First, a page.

Heidi Dallin, a ringer for the first lady, likes the perks of resembling someone famous and hopes Hillary Clinton's political career will be long and high-profile.
If there are only two rules by which I've always lived my life, they are these: Never ask a woman if she's pregnant, and never begin a sentence by saying, "You look just like . . ."
Then I met Heidi Dallin.
I stare in disbelief, looking at those famous eyes, at her prominent cheeks, at the mouth that we've all seen form so many thousands of words. When she laughs, it is a laugh that has been recorded countless times on the nightly news. When she turns to her side, it is a profile captured in newspaper photographs around the world.
I find myself at a loss of control, unable to prevent the exclamation, "You look just like Hillary Clinton."
Ends up, it's not an original observation. She is, in the parlance of the acting trades, a look-alike, a dead ringer, actually, for perhaps the most famous, most controversial woman in America today. And as much as it's nice and even important never to let looks get in the way of how we lead our lives _ I, for one, refuse to dwell on my own haunting resemblance to Harrison Ford (and appreciate that no one I know has ever even raised the point) _ when you're Heidi Dallin, it dictates an enormous portion of your life.
Tourists crowd around her in delighted disbelief. Taxi drivers swerve to the curb when they see her beckoning their cabs. Men approach her in bars with pickup lines that begin, "Do you have to go back to the White House tonight?"
In the restaurant in which we are having lunch, the waitstaff is clucking about her looks in a far corner, and other diners are seen craning their necks for a clearer view.
And in this great commercial enterprise that we call America, Heidi Dallin has learned to make a buck off her less-than-distinct looks.
We live in a celebrity-crazed culture where people who look like famous people are treated with deference. So corporations fly Heidi around the country to make appearances dressed as Hillary. Executives jockey to shake her hand in a receiving line. Audiences sit enraptured as she delivers speeches.
It all began around the time Hillary appeared on 60 Minutes during the 1992 presidential primaries in defense of her husband. Someone pointed out to Heidi a resemblance she hadn't yet seen.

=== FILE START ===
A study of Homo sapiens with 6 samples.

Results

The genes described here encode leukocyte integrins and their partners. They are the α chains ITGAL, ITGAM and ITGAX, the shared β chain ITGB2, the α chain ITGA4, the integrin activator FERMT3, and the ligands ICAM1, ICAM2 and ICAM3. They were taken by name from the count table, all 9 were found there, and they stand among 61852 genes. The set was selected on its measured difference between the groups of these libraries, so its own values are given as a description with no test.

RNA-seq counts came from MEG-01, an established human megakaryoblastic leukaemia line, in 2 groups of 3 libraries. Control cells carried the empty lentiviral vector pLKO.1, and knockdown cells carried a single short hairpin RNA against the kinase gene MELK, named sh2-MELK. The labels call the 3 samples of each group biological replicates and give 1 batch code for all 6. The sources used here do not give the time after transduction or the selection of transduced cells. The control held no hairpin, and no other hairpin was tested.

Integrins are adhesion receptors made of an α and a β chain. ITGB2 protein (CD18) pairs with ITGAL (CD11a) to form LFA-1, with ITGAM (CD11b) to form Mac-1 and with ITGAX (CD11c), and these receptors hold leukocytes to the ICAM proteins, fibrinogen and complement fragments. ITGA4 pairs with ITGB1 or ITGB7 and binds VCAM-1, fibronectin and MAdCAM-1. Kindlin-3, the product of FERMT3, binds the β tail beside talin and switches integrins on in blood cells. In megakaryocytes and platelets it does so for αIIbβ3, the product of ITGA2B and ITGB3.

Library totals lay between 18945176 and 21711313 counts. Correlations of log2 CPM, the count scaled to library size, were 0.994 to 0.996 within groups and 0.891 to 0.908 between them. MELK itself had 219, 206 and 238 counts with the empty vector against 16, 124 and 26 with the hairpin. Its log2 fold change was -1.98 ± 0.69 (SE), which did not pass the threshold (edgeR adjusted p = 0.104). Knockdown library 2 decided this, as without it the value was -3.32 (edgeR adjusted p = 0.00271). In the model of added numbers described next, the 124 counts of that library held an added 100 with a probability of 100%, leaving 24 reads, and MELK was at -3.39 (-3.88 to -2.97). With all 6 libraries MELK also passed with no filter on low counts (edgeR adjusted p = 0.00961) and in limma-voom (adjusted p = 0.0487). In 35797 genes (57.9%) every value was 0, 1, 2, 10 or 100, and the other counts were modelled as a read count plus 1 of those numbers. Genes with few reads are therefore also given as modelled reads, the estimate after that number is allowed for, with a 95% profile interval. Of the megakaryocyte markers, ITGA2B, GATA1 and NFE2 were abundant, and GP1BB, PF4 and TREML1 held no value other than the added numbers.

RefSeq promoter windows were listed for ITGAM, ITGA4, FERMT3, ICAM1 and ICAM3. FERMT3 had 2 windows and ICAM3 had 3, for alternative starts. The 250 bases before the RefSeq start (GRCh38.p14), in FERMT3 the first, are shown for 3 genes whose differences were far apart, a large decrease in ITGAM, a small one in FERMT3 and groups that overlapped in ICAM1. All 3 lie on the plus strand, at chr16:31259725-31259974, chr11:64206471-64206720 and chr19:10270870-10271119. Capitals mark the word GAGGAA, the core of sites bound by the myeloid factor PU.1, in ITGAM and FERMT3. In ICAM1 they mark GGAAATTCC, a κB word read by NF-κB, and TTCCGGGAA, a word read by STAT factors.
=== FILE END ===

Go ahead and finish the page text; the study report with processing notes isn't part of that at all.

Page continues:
"Then my mother said, "You know what, I'll be honest with you, you do look like her'," Heidi says.
Soon enough, she appeared at a bank opening in Concord with invited guests and a Bill Clinton look-alike who flirted with anything in a skirt. Since then, as she has pursued other acting and public relations jobs, she has been hired to work a party hosted by the Boston law firm Hale and Dorr. At the 375th anniversary gala in her native Gloucester, Mass., she was whisked to the event in a police car with its lights flashing, escorted to the stage by uniformed officers, then delivered a speech in full Hillary mode to people who have known her since birth.
As a Harvard graduate, she has the brains to play the role of someone reputed to be so smart. As an accomplished actor who dreams of performing in Broadway musicals, she has the ability to mimic the most subtle elements of Hillary Clinton's carriage.
And after being called Hillary so many times by so many people on so many street corners, she feels an odd kinship with a woman she has never actually met. She even can tell when Hillary's popularity is up or down by the way people treat her.
"I feel an obligation," she says. "I want to represent her well. I have respect for her. She's the first lady, and she's a strong woman who has served well."
She is asked if Hillary was right to stay with Bill. "I don't know what's wrong with keeping a marriage together," she replies. "Her decision was for the good of the country."
But more often, her thoughts are less lofty. Hillary's constant makeovers have not been easy or inexpensive to follow. But follow she must. And she's rooting for Hillary in the New York Senate campaign, because being the look-alike of a former first lady isn't worth much on the circuit.
All of which must say something about the state of our country today _ that we've gone over the top when lawyers and bankers and other people with supposed smarts pay good money to be around someone who looks like someone who happens to be in the news.
Heidi just smiles about the whole thing in that first-lady way of hers. "It's fun to go to the events and meet people," she says. "I tell my New York friends, vote for Hillary."
Brian McGrory's e-mail address is mcgroryglobe.com.